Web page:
Food Standards Agency
FSA issues precautionary safety advice for specific melons
The FSA is advising consumers not to eat specific melons which may be contaminated with salmonella.
There have been some recent salmonella cases of illness in the UK, the possible source is thought to be whole honeydew, cantaloupe and galia melons originating from Costa Rica, Honduras or Brazil bought on or before 28 May 2021.
Consumers may be able to identify the country of origin from a sticker on the fruit. If consumers are not sure about the country of origin of their galia, cantaloupe or honeydew melon, they are advised to dispose of the fruit as a precaution.
We are aware that a large number of UK retailers may have stocked the affected melons, which have now been removed from sale.
Tina Potter, Head of Incidents for the Food Standards Agency recently said:
'As a precaution we are advising people not to eat these melons and to dispose of them. It is important that consumers wash their hands and any surfaces that have been in contact with the melons thoroughly. This will help avoid the risk of cross contamination and the risk of illness.'
Professor Saheer Gharbia, Head of Gastrointestinal Pathogens Unit at Public Health England, recently said:
'Symptoms of salmonellosis typically resolve themselves and include diarrhoea, stomach cramps, nausea, vomiting and fever. However, symptoms can be more severe and lead to hospitalisation, especially in the very young and those with weakened immune systems. Anybody with concerns that they have symptoms of salmonellosis should contact their GP or out of hours service.'
Anyone who is concerned about symptoms should contact their GP or out of hours service in the first instance.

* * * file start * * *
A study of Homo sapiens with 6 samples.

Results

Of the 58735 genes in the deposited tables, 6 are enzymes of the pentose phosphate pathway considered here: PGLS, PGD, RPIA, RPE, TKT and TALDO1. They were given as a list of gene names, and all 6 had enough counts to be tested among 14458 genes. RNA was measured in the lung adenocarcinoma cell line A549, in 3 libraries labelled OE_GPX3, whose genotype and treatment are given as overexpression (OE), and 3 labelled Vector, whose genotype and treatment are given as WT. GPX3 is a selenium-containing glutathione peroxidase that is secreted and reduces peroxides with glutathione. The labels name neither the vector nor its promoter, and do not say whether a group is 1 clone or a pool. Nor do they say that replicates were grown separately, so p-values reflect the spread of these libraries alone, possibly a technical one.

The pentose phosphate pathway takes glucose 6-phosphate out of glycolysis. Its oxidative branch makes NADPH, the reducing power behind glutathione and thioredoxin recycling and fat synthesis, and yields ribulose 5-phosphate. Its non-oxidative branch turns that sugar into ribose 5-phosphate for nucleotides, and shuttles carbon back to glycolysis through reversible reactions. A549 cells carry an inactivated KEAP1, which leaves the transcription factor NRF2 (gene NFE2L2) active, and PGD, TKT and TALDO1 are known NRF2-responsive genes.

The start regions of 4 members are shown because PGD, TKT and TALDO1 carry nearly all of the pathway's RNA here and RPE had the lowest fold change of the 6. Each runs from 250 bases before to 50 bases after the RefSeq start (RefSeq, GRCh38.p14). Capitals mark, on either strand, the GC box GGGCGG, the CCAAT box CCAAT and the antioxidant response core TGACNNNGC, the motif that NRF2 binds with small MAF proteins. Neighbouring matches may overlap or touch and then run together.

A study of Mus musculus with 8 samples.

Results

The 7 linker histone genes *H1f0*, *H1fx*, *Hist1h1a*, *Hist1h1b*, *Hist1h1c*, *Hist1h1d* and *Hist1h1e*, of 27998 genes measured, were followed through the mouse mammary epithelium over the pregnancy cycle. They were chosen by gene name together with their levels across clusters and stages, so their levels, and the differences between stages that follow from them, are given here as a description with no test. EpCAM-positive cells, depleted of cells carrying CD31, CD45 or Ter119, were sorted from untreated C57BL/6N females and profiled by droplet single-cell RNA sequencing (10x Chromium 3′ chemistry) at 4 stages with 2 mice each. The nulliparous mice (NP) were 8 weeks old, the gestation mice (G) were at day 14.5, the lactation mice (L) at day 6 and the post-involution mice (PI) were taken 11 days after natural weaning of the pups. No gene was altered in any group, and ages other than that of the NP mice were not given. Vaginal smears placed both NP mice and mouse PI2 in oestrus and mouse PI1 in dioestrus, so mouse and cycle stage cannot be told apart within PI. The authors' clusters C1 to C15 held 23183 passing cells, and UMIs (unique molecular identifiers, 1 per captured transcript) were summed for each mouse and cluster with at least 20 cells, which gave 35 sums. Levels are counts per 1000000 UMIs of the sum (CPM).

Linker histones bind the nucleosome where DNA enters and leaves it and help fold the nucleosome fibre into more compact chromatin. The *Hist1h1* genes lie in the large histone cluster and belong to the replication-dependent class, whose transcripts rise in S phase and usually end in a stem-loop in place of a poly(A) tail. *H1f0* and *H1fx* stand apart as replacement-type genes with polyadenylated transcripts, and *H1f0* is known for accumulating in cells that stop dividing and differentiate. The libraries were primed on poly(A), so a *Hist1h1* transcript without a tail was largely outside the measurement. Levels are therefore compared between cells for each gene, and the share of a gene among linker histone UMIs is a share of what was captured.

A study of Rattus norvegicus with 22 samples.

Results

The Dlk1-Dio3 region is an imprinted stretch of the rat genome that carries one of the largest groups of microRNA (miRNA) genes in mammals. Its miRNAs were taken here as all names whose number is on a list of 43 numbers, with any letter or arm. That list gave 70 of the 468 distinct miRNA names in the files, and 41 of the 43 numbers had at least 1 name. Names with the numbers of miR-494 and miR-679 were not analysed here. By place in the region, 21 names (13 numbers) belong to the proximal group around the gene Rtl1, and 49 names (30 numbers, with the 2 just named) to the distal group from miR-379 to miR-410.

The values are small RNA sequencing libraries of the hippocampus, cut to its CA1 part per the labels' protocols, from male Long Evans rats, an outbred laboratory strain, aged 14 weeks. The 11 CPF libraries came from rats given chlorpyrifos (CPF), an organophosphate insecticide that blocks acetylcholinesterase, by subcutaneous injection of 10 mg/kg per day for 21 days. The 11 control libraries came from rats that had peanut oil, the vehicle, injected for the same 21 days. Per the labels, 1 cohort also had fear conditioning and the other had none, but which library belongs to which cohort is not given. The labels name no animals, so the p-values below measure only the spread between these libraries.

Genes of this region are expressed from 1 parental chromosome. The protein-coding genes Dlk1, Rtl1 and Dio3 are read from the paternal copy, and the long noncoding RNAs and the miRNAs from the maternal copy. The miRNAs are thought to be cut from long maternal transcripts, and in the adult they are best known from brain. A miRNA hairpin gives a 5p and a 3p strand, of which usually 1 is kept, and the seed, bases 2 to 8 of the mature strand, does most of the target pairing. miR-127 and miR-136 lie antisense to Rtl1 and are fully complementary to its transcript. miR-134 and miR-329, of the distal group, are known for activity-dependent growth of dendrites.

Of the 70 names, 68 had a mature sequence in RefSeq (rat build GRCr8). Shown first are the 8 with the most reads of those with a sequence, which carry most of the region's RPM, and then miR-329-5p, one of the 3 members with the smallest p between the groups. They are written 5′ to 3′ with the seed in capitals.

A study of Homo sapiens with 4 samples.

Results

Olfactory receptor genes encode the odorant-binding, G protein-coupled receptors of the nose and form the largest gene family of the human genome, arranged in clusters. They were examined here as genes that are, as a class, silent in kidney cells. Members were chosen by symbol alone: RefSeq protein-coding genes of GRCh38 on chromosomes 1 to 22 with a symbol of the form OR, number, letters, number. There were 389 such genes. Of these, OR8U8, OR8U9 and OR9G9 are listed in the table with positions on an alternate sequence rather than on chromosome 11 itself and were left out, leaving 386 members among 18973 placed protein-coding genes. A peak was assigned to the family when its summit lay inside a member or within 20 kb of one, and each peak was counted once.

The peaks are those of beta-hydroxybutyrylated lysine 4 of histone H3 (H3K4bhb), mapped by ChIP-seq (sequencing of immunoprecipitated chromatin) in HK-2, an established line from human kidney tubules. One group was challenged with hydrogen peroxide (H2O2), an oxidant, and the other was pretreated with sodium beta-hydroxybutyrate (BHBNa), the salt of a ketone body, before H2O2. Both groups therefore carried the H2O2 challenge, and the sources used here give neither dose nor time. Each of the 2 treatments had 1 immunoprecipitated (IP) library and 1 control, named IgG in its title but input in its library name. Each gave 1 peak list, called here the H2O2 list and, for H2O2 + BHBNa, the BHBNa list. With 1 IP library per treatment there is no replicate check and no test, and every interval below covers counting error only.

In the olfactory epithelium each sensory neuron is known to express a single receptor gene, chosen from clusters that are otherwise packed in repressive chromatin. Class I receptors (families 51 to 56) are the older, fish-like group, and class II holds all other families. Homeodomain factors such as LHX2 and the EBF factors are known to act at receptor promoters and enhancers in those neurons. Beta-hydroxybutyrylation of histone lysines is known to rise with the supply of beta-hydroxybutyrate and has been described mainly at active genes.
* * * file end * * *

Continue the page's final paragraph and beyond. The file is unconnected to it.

Only the melons listed above are affected. We are working with Public Health England, Food Standards Scotland and other UK health protection and food safety colleagues to continue investigations.
Latest News from
Food Standards Agency
UK consumers give their views on genome edited food21/07/2021 13:25:00
The Food Standards Agency has published its ‘Consumer perceptions of genome edited food’ report, as part of wider efforts to increase our evidence base in the field of genetic technologies.
Update from the Food Standards Agency and Food Standards Scotland following the rise in cases of feline pancytopenia19/07/2021 14:33:00
This update follows on from our previous publication (01 July 2021) on advice to cat owners following the rise in cases of feline pancytopenia.
FSA in Wales publishes its Annual Report and Accounts for 2020/2109/07/2021 15:20:00
The Food Standards Agency (FSA) has today published its Wales Annual Report and Accounts for the past financial year. The report covers our performance and activities in 2020/21 across England, Wales and Northern Ireland at a net cost of £114.2 million.
New registers for risk analysis issues and regulated products applications06/07/2021 16:25:00
The Food Standards Agency (FSA) has published a public record of the risk analysis and regulated product issues under review in the UK.
Update from the Food Standards Agency, Food Standards Scotland and Defra following the rise in cases of feline pancytopenia02/07/2021 11:25:00
We are aware that it is a very distressing time for cat owners.
Food hypersensitivity takes centre stage at FSA Board meeting18/06/2021 09:33:00
On Wednesday 16 June, members discussed seven papers, which included updates from both the FSA and Science Council on critical work in this area.
Advice to cat owners following rise in cases of feline pancytopenia16/06/2021 16:15:00
The FSA is issuing advice to cat owners following a rise in cases of feline pancytopenia that can cause serious illness in cats
FSA Board meeting papers published for June 202107/06/2021 09:20:00
The agenda and papers for the June Board and Business committee meeting have been published.